We have all watched the shows at one time or another. The heard of antelope is happily grazing on the grass. One thinks he hears something and lifts his head. Heart pounding, and alert to every movement around him. He doesn’t make a move, but still his closest herd member feels his distress and also stops and lifts his head on high alert. They are motionless. Soon the other members of the herd all stop grazing and lift their heads. “What was that rustle in the grass? A lion perhaps?” Soon they all hear a sound and run as fast as they can to escape danger. If one feels threatened, they all feel threatened.
It is a biological process that makes this all happen. The early warning system, called cortisol, is what filled the first antelope. Sense. Threat. Run. Every member of the herd lifted their heads and went off together because without the group they would surly get eaten. That feeling that something is not right protects the antelope and humans.
Now look across your office. Everyone is working, joking perhaps while they do their jobs. Rumors start about one guy in the office who might get fired. One by one the whole team begins to question his job. There is a heightened sense of awareness when doors open. “Is that the boss? There is a meeting in conference room? Why?” Nothing concrete, just an awareness that their job safety is in trouble. But the stress they feel, the cortisol coursing through their veins whenever they get called into the bosses’ office, will distract the whole team until they feel they are safe from danger—real or imagined.
The slow death of the workforce. Now suppose this office team works under this stress every day, every week? It’s not a huge danger, just silent rumors that permeate every cubicle. Cortisol doesn’t distinguish between what is reality or what is perceived in the mind, so it will continue to drip in the system at every moment to protect us from danger. The problem is that when it’s present it also has to turn off our immune system. Its an efficient biological process when everything goes as planned: Sense. Threat. Run. Once safety returns, the cortisol stops and the immune system boots back up. But long term stress doesn’t work that way. It can’t stop unless it feels safe. Without the stopping of the cortisol, we begin to suffer the long term effects of a downed immune system-heart disease, cancer, and constant colds and flu. It is a slow death.
Turn off the source of the problem. Look back at your workplace and really see what is going on. The water cooler gossip and chatter are your first clues. The blame starts among the group. Our manger lied, a colleague stabbed us in the back, the boss doesn’t like us. They begin to beat themselves up and worry about about what they said in the meeting, “did I speak out of turn?” They cycle through the things over and over because they sense a threat from within. Cortisol is doing its job to make them paranoid and everyone begins to prepare for the threat. The stress is real.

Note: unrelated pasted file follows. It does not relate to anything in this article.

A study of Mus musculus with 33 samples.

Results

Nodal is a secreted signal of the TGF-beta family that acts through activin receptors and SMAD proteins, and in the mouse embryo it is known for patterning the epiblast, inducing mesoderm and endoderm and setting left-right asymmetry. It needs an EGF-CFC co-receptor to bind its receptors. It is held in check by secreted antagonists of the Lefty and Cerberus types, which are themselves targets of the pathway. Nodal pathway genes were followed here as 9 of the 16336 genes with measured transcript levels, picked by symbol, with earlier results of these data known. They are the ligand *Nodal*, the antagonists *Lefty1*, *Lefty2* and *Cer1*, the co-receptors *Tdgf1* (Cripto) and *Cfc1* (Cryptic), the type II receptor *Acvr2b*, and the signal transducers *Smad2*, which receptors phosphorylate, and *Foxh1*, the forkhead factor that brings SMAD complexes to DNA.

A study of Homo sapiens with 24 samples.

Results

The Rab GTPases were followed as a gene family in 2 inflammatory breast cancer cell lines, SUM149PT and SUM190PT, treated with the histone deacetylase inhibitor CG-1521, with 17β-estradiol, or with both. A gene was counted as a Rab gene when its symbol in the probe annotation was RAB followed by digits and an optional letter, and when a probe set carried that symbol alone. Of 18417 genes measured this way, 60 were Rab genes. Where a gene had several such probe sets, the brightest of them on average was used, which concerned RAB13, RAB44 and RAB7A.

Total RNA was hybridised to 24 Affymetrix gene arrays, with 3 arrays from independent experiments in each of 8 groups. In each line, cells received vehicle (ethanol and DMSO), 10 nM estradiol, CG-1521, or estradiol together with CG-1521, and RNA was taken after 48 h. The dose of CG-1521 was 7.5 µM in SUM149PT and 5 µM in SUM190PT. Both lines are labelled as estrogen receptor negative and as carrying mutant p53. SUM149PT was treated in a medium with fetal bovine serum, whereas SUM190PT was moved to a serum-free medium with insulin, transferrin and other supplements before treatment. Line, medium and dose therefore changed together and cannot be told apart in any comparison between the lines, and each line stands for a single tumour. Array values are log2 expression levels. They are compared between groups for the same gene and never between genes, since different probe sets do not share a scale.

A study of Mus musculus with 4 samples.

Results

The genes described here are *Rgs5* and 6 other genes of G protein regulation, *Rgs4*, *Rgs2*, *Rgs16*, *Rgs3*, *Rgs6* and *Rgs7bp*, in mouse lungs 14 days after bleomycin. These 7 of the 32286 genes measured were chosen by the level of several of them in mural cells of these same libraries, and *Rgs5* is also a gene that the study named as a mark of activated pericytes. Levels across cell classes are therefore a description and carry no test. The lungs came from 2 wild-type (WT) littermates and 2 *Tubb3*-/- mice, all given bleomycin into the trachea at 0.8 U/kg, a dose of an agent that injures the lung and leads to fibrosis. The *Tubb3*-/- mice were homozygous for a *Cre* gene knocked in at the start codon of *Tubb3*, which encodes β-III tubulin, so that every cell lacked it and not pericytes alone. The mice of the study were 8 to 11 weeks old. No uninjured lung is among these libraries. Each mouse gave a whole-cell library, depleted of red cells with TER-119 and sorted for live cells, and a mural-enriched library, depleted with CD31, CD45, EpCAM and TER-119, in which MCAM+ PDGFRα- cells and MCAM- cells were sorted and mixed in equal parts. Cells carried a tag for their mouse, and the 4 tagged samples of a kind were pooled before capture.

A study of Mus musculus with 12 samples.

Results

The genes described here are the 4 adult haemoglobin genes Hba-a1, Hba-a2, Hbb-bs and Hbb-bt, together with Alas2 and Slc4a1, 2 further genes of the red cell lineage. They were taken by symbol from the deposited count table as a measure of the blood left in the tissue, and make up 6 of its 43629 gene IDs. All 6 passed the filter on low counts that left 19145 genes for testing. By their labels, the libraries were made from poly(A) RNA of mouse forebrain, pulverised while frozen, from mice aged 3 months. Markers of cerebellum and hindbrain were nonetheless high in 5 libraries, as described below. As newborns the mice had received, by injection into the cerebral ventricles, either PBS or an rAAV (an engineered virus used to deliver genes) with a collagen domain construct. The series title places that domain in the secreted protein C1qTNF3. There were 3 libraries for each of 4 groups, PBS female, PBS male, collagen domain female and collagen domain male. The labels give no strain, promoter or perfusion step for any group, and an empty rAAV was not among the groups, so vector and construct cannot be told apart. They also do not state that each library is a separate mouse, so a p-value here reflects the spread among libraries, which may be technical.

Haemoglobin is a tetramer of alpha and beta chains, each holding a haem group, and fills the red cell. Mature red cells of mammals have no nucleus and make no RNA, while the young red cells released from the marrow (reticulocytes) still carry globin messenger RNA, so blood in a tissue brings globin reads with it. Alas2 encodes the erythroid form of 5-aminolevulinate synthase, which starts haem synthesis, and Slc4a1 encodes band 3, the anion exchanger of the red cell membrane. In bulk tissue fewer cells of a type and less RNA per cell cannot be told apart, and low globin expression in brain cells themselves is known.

Every man for himself. It is the team leaders’ worst nightmare; every person senses the threat and begins to feel worried. There is no “good feeling” chemicals (oxytocin) coming from the brain, so we are less productive. It is harder to concentrate and that interferes with our creative ability. Without risk taking we don’t innovate. We are more selfish and less concerned for the others on our team. There is a greater lack of trust for management and colleagues. We show up, do our work, and adapt to our environment, but we are no longer safe and secure in our workplace. We are doing the best job possible.
Leaders Eat Last. Simon Sinek, in his book Leaders Eat Last, studied the U.S. Marines and how their leaders trained and cared for their troops. The goal is provide an environment where every soldier could trust each other with their lives, literally. More than the rigorous training, the marching in the rain, constant yelling by sergeants who teach that it is no longer “I, but we”, there is a balance in the environment through respect. The leaders of higher rank have clearly earned their positions and status and yet when everyone assembles in the mess hall,the leaders eat last. Like guards standing at the gate, they are watching over their teams, nourishing the first, and then they can sit down. Complete and total trust is created in the environment. No one fears that they will be left to fend for themselves. The team wins.
So what is a manager to do? It takes a strong leader to change the environment of fear. Layoffs or poor executives are a reality in the workplace, but your team? Your team has you to sit down and address concerns openly and without recourse. Filter out the rumors and the drama and deal only with the facts. Guide your team to an understanding that by working together for the company’s common goal, their mission statement, everyone benefits. Mentorteam members at risk. Show them what they need to do to work better so they look their best to upper management. Meet with higher ups and update them on the team efforts and how they are working together to meet the company mission. Herd everyone together on a regular basis so they do not fear the rustles in the grass. Post meeting schedules, give clearly defined goals, and interact with them daily so they feel protected. Ensure that you are doing everything possible to protect them, your team. Eat last.
The statistics on long term cortisol stress levels are staggering. But things can change. Small, simple changes in the workplace, something as simple as meeting with your team every day, can reduce that constant drip of fear that is felt. And have a lunch out. Laughter produces oxytocin; it makes us feel good and boosts our immune system. Makes us feels safe and that means more productive and creative team efforts. Small changes earn big rewards.
What is your workplace drama? What are a few of the little things that your boss or management does to reinforce the team mission?